The Air Force Officer Qualification Test (AFOQT) is the Air Force’s standardized test for officers, similar to the ACT/SAT, or GRE/GMAT.  It is easy to become overwhelmed by this test because little is really known about it.  They publish study guides and books to help people prepare for and pass the test, but many of the reviews that you see detail how the guides and books missed the mark when compared to the actual test.  All of that said, I don’t think this test is that important.  After taking the test myself, becoming an officer, and helping hundreds of people follow in my footsteps, it is my belief that a person’s AFOQT scores are a terrible indicator of whether or not they will be selected.  As of this date, the minimums outlined in the AFI are Quantitative 10/Verbal 15.  I know someone who scored Quantitative 11, Verbal 25, Academic Aptitude 15, and is now a highly effective 13S Space Operations Officer.

Regardless of the correlated or perceived importance of this test, I believe it does help your application to achieve the highest possible scores.  The question of how to prepare for the test has been addressed in some of my other posts and can be further addressed by the Facebook Forum, so the purpose of this post is to provide you with general information about the test itself.

The test is created by the Air Force, probably some random office within the Air Force Personnel Center.  Here is the official web site for the test.  There are tons of really good resources at the site, but the document I am going to discuss is the “AFOQT Information Pamphlet.”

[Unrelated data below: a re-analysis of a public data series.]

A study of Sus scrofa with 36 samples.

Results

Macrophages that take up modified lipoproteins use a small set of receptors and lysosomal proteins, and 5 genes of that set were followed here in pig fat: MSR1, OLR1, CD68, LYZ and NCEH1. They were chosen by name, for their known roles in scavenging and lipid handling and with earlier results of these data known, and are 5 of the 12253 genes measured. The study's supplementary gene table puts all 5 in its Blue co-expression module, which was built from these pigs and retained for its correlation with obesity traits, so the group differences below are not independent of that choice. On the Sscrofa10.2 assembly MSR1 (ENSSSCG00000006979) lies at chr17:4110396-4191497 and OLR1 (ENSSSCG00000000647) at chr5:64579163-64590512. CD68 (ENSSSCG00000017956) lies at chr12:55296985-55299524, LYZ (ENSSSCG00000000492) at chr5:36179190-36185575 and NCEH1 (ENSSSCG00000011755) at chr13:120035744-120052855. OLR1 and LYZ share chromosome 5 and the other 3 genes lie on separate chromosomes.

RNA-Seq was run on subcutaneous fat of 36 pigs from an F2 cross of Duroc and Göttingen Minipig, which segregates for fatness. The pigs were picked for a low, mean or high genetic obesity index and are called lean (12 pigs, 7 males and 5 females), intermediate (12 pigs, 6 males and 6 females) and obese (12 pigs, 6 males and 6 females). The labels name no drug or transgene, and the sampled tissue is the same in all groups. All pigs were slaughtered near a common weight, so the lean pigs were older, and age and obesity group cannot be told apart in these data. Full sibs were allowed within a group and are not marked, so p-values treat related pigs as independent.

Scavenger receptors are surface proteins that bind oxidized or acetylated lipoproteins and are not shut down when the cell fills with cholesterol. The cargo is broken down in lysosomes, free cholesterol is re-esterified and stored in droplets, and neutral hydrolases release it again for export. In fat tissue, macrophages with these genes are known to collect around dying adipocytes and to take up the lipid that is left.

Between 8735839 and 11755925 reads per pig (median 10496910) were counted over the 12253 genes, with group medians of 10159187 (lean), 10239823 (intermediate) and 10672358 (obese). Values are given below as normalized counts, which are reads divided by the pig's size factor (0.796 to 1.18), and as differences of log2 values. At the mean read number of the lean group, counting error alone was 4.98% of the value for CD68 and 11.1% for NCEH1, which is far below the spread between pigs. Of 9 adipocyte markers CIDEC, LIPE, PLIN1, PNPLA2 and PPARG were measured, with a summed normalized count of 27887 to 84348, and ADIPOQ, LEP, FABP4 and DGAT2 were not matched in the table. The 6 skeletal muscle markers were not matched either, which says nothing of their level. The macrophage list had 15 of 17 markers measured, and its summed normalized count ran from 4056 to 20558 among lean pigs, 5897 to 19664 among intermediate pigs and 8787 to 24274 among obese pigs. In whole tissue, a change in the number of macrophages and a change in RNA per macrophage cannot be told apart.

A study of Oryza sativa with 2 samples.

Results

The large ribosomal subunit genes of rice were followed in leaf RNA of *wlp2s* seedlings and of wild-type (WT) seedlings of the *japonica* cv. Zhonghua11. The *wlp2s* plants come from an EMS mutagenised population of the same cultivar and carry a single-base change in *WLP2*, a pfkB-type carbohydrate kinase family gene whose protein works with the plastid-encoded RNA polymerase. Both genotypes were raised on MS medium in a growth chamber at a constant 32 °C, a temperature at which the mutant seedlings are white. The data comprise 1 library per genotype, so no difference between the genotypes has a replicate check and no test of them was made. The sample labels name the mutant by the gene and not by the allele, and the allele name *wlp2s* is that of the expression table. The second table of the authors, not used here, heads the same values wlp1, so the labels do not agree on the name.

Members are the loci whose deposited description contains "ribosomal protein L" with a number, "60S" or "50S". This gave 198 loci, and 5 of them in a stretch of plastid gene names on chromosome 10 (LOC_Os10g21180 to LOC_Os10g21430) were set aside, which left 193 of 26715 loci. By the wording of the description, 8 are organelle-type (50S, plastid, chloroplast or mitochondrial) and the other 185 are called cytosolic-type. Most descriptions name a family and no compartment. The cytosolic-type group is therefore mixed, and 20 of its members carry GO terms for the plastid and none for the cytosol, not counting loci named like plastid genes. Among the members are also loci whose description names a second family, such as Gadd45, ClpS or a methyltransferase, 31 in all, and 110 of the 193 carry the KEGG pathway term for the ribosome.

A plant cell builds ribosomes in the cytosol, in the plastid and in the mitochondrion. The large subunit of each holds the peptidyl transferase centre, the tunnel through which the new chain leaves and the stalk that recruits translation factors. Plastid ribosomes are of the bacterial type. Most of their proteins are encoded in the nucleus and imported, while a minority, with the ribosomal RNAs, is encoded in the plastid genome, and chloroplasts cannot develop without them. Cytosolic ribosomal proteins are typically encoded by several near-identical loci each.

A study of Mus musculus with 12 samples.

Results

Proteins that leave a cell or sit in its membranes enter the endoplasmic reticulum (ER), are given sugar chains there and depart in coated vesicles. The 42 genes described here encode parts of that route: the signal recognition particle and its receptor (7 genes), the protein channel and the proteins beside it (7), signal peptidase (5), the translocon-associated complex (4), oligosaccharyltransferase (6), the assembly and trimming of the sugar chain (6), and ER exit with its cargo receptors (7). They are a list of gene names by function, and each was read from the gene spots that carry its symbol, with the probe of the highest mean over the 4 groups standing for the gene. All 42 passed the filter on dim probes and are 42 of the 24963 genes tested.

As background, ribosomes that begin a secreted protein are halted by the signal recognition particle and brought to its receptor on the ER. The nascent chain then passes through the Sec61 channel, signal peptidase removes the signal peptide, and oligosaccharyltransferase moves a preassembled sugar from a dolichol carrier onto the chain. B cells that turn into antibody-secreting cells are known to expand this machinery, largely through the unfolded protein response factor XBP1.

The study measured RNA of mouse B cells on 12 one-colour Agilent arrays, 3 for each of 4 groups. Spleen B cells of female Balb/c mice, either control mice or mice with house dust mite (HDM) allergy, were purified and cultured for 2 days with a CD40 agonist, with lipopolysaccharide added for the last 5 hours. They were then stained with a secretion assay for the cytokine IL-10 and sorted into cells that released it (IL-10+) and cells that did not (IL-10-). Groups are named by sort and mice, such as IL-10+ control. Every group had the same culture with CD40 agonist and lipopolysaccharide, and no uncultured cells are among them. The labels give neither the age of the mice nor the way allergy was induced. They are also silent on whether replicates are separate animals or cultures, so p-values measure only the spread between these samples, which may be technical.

I consider this document the official source of information for the test, so it is definitely worth the read.  The document gives a brief introduction of the test, provides a summary of what was updated with the latest revision, and provides a general description of each of the scored areas of the test.

As of the publication of this post the AFOQT is divided into 12 subtests:

  1. Verbal Analogies
  2. Arithmetic Reasoning
  3. Word Knowledge
  4. Math Knowledge
  5. Reading Comprehension
  6. Situational Judgment Test
  7. Self-Description Inventory
  8. Physical Science
  9. Table Reading
  10. Instrument Comprehension
  11. Block Counting
  12. Aviation Information

How well you score on each subtest is applied to one or more score category.  The score categories listed in the guide are as follows:

  • Pilot
  • Combat Systems Operator (CSO)
  • Air Battle Manager (ABM)
  • Academic Aptitude
  • Verbal
  • Quantitative
  • Situational Judgment

Here is a table in the guide which tells you which tests apply to which scores.  The only thing I’m not sure about is it means if a subtest has no corresponding measured score.  I’m not sure if you skip that subtest altogether, or if you take the subtest but it doesn’t mean anything.  Leave a comment if you know and I’ll amend this post.

Here is the schedule of the testing day.

Scores

After they score the tests they upload the scores and you can download them from the web site.  Here is an example of what the score sheets look like.  This is from one of my “Examples” posts; a selectee from the 16OT03 board.

Page 6

Page 7

Summary

To summarize, you show up on testing day and you take all of the subtests in accordance with the above schedule.  Once you are done, they send the results in and a few weeks later you can check your scores online.  As long as you meet the minimums you are good to apply for OTS.

The one thing I will point out is that the test seemed extremely rushed to me, so when you prepare be sure you use a timer and try to simulate the actual test lengths.  I think out of all of the subtests I took for mine, I only completed one before the time elapsed.

There are a lot of pre-tests and additional information on the AFPC web site.  Good luck and let me know if you have any questions or comments!